Florida put up a better effort against the LSU run machine that threshed its competition in Hoover in Sunday's championship game of the 2014 SEC Tournament.
But the Gators, like every other team that played the Tigers, fell prey to them.
Florida starter Karsten Whitson put together his finest outing of 2014, scattering three hits over six scoreless innings and silencing what had been a white-hot LSU offense. But the Tigers got a two-run shot from Sean McMullen in the top of the eighth inning, and Florida was unable to answer afterward, giving LSU a 2-0 victory and the SEC Tournament title.
Ryan Harris allowed the homer and took the loss for Florida, which was seeking its first sweep of the SEC's regular season and tournament titles since 2011. Florida went 3-2 with wins over South Carolina, Mississippi State, and Kentucky and losses to Kentucky and LSU in Hoover during the SEC Tournament.
And that performance probably only solidified Florida's standing in the eyes of the 2014 NCAA Tournament selection committee, which named Florida one of 16 regional hosts, as expected, on Sunday. The Gators boast a gaudy RPI and a truly staggering sheaf of wins over top competition — Florida has played five of the 15 other regional hosts, compiling an 11-6 record against them, and spent much of its year playing and beating NCAA Tournament teams. Before even arriving in Hoover, Florida was a mortal lock to receive a nationsl seed, given to the top eight teams in the NCAA Tournament field, and the Super Regional hosting privileges that come along with that seed.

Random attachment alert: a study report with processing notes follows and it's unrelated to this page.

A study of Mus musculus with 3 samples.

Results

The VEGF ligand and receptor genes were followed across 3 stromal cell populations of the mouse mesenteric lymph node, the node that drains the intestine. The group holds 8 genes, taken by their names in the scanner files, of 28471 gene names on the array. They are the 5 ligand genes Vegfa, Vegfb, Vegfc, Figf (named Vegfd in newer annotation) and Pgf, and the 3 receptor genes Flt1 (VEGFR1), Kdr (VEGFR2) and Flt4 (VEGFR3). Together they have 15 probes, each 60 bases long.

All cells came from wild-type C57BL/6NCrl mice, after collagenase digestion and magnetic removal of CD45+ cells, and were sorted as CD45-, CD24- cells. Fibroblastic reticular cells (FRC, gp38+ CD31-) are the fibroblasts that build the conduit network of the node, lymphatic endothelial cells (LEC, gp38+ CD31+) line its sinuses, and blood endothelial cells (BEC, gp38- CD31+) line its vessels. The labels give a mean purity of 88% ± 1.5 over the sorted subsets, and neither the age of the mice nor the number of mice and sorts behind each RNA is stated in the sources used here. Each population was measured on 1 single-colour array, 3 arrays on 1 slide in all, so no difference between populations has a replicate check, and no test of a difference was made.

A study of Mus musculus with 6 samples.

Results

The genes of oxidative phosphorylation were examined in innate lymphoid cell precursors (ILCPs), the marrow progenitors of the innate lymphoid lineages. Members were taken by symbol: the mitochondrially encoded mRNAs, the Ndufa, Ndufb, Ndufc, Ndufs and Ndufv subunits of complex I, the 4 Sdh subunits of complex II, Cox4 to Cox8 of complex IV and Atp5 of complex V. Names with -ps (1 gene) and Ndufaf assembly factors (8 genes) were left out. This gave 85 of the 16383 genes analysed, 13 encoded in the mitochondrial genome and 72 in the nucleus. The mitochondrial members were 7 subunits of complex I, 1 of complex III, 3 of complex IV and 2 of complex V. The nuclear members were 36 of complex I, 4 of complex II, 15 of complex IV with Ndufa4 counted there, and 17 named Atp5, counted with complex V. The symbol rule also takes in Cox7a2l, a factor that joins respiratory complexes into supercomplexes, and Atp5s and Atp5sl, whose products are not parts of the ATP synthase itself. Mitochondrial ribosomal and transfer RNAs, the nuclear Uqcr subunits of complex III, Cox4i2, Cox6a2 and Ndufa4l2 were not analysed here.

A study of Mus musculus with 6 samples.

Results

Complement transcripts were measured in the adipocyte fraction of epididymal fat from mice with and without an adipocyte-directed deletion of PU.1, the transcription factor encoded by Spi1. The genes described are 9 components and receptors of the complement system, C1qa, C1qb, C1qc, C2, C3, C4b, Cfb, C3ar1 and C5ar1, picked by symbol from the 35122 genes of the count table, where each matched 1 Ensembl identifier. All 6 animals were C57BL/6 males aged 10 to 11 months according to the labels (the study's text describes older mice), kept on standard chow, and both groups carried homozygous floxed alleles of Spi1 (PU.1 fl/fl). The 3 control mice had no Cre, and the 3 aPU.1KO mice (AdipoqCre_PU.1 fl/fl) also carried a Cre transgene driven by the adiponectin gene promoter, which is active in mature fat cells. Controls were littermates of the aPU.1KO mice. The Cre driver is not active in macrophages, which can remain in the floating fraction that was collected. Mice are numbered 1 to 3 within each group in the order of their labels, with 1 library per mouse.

But Florida's strong play there — and LSU's own strong play, which has quite possibly made the Tigers a national seed in their own right — may well get the Gators the No. 1 overall seed. The Gators are 6-1 this season against Florida State, a lock to receive a national seed, and LSU, a good bet to grab one, and won the SEC, widely regarded as the nation's best conference in college baseball this season — Florida is one of five SEC teams that were named regional hosts.
Since the NCAA started handing out national seeds and switched to its current regional/Super Regional model for the NCAA Tournament, Florida has been the No. 1 overall seed once, in 2012, with a team that was older, more talented, and more consistent than this team. But these 2014 Gators may actually have a slightly better résumé than their predecessors.
If they earn the same seed, though, Florida fans will be hoping for the same sort of ride to Omaha and the College World Series — and a dramatically different result from the Gators once they arrive.